Following the Colorado STEM School Shooting, Classmates Remember Hero Kendrick Castillo
It was the bravery of students like Kendrick that allowed for other kids to escape, says his classmates, and the reason more people did not die that day. The day after the shooting, students attended a vigil at Highlands Ranch High School where they hoped to honor their fallen classmate.
“I expected to talk about Kendrick,” Ceyda says. “Instead, there were a few guys talking about gun laws.”
While many STEM students interviewed by Teen Vogue for this piece did have strong opinions about gun policy, they say what they needed most in the aftermath of their tragedy is support.
At the vigil, they watched as students from other schools and elected officials called for political action, but when STEM students tried to step up to the microphone, they say, they faced pushback from organizers.
Multiple eyewitnesses tell Teen Vogue that one speaker said they had tried to recruit STEM students to speak at the event but could not find any to do so. However, there were hundreds of STEM students at the event who lined up to speak, eyewitnesses tell Teen Vogue. After prolonged waiting, and growing tensions while politicians spoke instead, the students walked out.
Isis Trujillo, 14, a freshman at STEM, says she and other students walked out of the vigil and held their own makeshift ceremony outside. Multiple students tell Teen Vogue they placed a drawing of Kendrick on a bench, surrounded by flowers. They held up their cell phone lights like candles. They chanted Kendrick’s name, as well as “We are STEM!”
“We all grieve differently,” Peyton Hengen, a STEM School senior and Kendrick’s longtime friend, tells Teen Vogue. “Some of us need food. Some of us need to sleep. Some of us need to get up and exercise. We just need to know people are going to be there for us without necessarily forcing us into a position of advocacy.”
But most of all, Peyton tells Teen Vogue, “we need each other.”
Vigil organizers from the Brady Campaign issued an apology in response to the backlash. “We are deeply sorry any part of this vigil did not provide the support, caring, and sense of community we sought to foster and facilitate,” they said.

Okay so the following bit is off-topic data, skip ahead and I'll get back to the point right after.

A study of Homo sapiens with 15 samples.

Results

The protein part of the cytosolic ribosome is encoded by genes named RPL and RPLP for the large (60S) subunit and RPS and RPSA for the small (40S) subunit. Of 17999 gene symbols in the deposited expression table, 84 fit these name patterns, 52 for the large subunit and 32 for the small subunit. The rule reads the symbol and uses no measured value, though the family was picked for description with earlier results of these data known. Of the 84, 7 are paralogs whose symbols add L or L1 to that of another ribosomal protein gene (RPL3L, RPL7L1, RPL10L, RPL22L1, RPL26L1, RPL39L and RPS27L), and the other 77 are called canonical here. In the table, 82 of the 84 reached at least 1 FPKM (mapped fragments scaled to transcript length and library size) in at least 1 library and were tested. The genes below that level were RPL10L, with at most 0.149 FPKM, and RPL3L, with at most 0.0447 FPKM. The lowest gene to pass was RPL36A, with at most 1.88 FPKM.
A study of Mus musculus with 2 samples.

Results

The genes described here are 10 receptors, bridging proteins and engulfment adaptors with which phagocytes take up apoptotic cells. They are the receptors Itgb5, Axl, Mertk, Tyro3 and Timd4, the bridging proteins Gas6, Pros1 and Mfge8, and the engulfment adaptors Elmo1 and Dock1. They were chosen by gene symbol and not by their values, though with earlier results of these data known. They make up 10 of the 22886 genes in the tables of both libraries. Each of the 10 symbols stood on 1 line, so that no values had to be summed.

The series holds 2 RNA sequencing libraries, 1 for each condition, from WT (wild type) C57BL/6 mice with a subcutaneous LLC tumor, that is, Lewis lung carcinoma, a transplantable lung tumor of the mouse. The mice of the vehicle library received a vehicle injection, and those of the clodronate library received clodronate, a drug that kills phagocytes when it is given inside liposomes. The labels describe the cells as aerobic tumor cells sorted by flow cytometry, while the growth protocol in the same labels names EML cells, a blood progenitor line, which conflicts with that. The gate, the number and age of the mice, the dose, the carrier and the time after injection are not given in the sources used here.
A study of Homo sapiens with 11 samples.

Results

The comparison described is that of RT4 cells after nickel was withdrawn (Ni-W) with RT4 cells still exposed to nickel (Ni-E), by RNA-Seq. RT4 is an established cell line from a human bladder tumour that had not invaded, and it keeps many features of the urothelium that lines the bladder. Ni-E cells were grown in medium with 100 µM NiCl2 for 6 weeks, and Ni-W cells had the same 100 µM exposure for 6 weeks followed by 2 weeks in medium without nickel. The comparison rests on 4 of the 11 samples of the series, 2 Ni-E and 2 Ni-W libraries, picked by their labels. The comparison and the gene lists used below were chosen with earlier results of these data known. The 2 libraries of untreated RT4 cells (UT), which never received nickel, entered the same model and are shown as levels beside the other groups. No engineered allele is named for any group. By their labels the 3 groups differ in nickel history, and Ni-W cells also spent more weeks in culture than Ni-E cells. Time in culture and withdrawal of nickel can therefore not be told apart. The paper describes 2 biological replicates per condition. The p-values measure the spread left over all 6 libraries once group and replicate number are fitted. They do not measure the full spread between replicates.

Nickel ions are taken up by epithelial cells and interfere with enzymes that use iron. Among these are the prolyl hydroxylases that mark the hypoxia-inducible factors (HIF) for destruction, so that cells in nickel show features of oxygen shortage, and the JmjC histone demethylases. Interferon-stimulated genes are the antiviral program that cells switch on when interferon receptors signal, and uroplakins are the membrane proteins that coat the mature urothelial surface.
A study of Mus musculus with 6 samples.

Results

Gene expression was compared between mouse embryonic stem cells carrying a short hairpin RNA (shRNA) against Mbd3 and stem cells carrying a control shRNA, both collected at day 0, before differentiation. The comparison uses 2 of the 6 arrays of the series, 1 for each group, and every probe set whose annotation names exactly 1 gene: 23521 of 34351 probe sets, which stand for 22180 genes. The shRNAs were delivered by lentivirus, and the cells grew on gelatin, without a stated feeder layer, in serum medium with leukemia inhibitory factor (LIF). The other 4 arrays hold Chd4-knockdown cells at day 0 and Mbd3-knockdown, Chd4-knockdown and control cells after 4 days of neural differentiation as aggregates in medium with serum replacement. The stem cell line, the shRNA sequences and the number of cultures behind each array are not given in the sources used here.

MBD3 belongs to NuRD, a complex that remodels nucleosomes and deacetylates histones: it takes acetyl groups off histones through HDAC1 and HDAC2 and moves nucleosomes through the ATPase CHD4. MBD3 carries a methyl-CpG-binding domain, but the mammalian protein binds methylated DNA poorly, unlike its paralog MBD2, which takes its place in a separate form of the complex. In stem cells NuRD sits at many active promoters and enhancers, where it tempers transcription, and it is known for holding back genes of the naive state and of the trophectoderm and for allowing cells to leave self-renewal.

On Friday, students held an event at a local park. This time, the event was not for parents, press, politicians or other schools. Unlike the vigil, the entire thing was organized by STEM students, who are in the process of organizing more events like it.
Isis tells Teen Vogue the event was “a lot happier” than the original vigil. They gave out shirts and bracelets with the tagline #STEMStrong. They played a game of kickball and Columbine High School shooting survivors came to lend an ear to the STEM survivors. After the game, students discussed how they might memorialize Kendrick.
Then, on Monday, May 13, hundreds gathered for a candlelight walk across STEM’s campus, which culminated in a speech from Kendrick’s parents. It was one of many initiatives students have planned following the shooting to bring their school together.
One of these students is Daniel, 17, a junior at the STEM school, who requested his last name not be published, citing privacy concerns. Earlier this week, Daniel booked a room at the library, brought along a gaming console, and opened the event to all STEM students.
For students like Daniel, the tragedy has brought a newfound sense of community, resilience and hope. “That kind of hope is contagious,” he says.“After the vigil…I realized I have a voice, that we have a voice,” Daniel tells Teen Vogue. “We weren’t going to let people tell our story [how they think] it should be told. We were there that day and we survived because of Kendrick and all those people ready to fight the shooter[s].”